Learn More About Cataracts
A cataract is a clouding of the eye's natural lens, which lies behind the iris and the pupil. The lens works much like a camera lens, focusing light onto the retina at the back of the eye. The lens also adjusts the eye's focus, letting us see things clearly both up close and far away. This lens is made of protein and water. The protein in the water is in a precise configuration that allows light to pass through and keeps the lens clear. As we age, this protein may begin to clump together and start to cloud some parts of the lens. When this occurs, it is called a cataract, and light is blocked from reaching the retina.
Cataracts begin slowly and may take years to develop. They cannot be prevented, and everyone will develop them if they live long enough. Cataracts usually develop in both eyes, although one may be further advanced than another. At first they are small and don't affect the vision much. However, with time cataracts may become large or thick, and they will need to be removed surgically. Cataract surgery is the primary therapeutic surgical procedure performed on Americans aged sixty ‐ five and older. Approximately 1.5 million cataract surgeries are done each year in the United States.
The main cause of cataracts is aging. By age fifty ‐ two to sixty ‐ four, there is a 50% chance that a person is developing a cataract although he or she won't notice a vision problem until about age sixty ‐ five. By age seventy ‐ five, nearly everyone has a cataract, and 50% of people have lost some vision. Many studies suggest that exposure to ultraviolet light is associated with cataract development, so eye care practitioners recommend wearing sunglasses to lessen exposure. Other studies show that diabetics and users of steroids, diuretics, or major tranquilizers seem to have a higher risk of developing cataracts earlier in their life. Smokers may also be at a greater risk of developing cataracts. Occasionally babies are born with cataracts. These are known as congenital cataracts . A traumatic cataract can form as a result of injury to the eye or inflammation of the eye.
The main symptom of a cataract is a decrease in vision. People with a developing cataract may have difficulty reading. Their sensitivity to light and glare may increase, causing difficulty driving at night and vision problems in bright sunlight. Colors may not be as vivid, and the cataract patient may have difficulty distinguishing colors. Lights may have a spoke ‐ like appearance. Cataract patients may experience distortion or ghost images in either eye. They may experience double or multiple vision. However, this symptom will usually go away as the cataract grows. Finally, Greenville cataract patients may find they need to have their glasses changed more frequently in order to see.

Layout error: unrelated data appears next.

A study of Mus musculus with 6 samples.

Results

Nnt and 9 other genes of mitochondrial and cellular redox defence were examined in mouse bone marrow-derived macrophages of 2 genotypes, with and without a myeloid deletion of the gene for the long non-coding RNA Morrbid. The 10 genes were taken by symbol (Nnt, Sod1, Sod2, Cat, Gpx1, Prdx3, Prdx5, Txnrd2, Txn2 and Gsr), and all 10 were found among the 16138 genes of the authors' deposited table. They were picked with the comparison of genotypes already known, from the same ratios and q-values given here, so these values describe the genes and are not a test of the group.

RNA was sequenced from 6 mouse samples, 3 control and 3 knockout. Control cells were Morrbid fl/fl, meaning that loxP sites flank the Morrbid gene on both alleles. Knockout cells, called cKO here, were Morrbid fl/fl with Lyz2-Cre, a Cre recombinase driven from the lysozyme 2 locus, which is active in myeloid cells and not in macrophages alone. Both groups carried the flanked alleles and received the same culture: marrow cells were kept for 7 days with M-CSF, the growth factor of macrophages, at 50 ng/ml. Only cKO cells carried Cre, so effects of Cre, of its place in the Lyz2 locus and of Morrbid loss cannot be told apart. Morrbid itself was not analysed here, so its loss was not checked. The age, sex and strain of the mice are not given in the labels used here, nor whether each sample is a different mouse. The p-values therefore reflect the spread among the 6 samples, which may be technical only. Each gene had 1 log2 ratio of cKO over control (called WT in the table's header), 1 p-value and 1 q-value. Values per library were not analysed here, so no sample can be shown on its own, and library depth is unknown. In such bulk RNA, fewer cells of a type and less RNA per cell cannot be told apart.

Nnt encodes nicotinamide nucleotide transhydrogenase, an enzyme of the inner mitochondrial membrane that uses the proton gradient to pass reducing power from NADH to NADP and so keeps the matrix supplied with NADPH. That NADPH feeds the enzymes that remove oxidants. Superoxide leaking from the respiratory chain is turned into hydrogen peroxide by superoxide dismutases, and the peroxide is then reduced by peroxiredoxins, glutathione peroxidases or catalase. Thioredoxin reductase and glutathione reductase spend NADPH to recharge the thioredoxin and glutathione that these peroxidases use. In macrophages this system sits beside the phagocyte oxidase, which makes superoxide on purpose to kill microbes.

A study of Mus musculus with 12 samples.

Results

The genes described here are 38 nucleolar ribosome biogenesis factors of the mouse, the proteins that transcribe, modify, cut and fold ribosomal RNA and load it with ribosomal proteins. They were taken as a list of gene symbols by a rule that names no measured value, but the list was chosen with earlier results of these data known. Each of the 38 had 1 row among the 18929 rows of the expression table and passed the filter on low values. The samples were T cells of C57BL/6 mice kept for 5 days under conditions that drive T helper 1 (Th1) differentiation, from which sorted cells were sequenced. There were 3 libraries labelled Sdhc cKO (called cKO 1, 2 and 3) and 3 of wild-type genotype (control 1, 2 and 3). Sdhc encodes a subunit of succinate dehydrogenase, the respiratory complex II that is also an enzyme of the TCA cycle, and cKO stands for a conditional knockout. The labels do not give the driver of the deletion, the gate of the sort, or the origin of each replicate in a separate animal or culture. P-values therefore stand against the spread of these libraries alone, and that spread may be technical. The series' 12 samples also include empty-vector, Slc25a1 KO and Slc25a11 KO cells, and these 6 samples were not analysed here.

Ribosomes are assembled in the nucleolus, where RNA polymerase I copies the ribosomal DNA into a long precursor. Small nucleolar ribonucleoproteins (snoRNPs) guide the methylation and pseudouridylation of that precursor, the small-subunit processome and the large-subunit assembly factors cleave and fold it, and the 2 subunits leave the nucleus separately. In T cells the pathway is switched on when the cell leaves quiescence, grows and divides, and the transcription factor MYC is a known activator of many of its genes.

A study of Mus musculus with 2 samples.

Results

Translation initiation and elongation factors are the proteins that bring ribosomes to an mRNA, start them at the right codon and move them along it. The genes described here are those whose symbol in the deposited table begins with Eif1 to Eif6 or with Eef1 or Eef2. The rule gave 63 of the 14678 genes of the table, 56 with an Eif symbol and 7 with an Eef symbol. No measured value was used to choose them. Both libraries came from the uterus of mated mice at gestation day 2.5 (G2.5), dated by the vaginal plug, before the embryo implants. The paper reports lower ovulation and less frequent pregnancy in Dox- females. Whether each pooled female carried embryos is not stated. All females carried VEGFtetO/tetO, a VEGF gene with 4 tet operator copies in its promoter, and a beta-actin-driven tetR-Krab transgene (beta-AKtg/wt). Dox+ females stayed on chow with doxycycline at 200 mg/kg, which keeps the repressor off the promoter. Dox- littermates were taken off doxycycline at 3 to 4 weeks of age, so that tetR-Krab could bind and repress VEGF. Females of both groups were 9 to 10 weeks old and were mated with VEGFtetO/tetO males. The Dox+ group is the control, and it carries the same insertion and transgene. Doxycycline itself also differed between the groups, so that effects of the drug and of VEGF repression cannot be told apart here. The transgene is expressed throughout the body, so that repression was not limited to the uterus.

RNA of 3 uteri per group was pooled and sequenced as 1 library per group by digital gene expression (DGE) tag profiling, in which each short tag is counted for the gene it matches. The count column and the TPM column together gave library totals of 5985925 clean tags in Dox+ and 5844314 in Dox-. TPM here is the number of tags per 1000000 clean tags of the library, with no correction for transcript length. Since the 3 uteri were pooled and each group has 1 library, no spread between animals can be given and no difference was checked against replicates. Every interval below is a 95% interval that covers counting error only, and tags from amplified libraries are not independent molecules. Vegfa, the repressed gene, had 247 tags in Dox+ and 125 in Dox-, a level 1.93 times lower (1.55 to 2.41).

When Cataract symptoms begin to appear, treatment is usually unnecessary. Deciding when to have cataract surgery often is a subjective decision, based on how well you are able to see while engaging in routine activities. You might be able to drive, watch television, and work at a computer for quite a few years, even after you are first diagnosed with cataracts. Many people choose to improve their vision for as long as possible using new glasses, strong bifocals, magnification, appropriate lighting or other visual aids. Delaying surgery will not generally cause damage to the eyes. However, the doctor may decide to remove the cataract earlier than expected if it interferes with the treatment of another eye disease such as macular degeneration or diabetic retinopathy.
When cataracts begin to interfere with your normal daily activities, think about surgery to remove it. Many people consider poor vision an inevitable fact of aging, but cataract surgery is a relatively simple and painless procedure to regain vision. Cataract surgery is very successful in restoring vision and 9 out of 10 people who have cataract surgery regain vision somewhere between 20/20 and 20/40. It is actually the most frequently performed surgery in the U.S., with over 1.5 million surgeries done each year.
During surgery, the clouded lens is removed, and in most cases replaced with a clear, plastic intraocular lens (IOL). New IOLs are being developed all the time to make the surgery less complicated and the lenses more beneficial to patients.Presbyopia ‐ correcting IOLs potentially help you see at all distances, not just one. Another new type of IOL blocks both ultraviolet and blue light rays, which research indicates may damage the retina.
If a patient has cataracts in both eyes, your Greenville cataract surgeon will usually only operate on one eye at a time. The surgical procedure is uncomplicated and lasts only 15 to 30 minutes, with as much as 90 minutes needed for preparation and recovery. Typically there is a wait of a couple of weeks between surgeries, so that your first eye has the chance to heal and be evaluated in a follow ‐ up exam for any possible problems.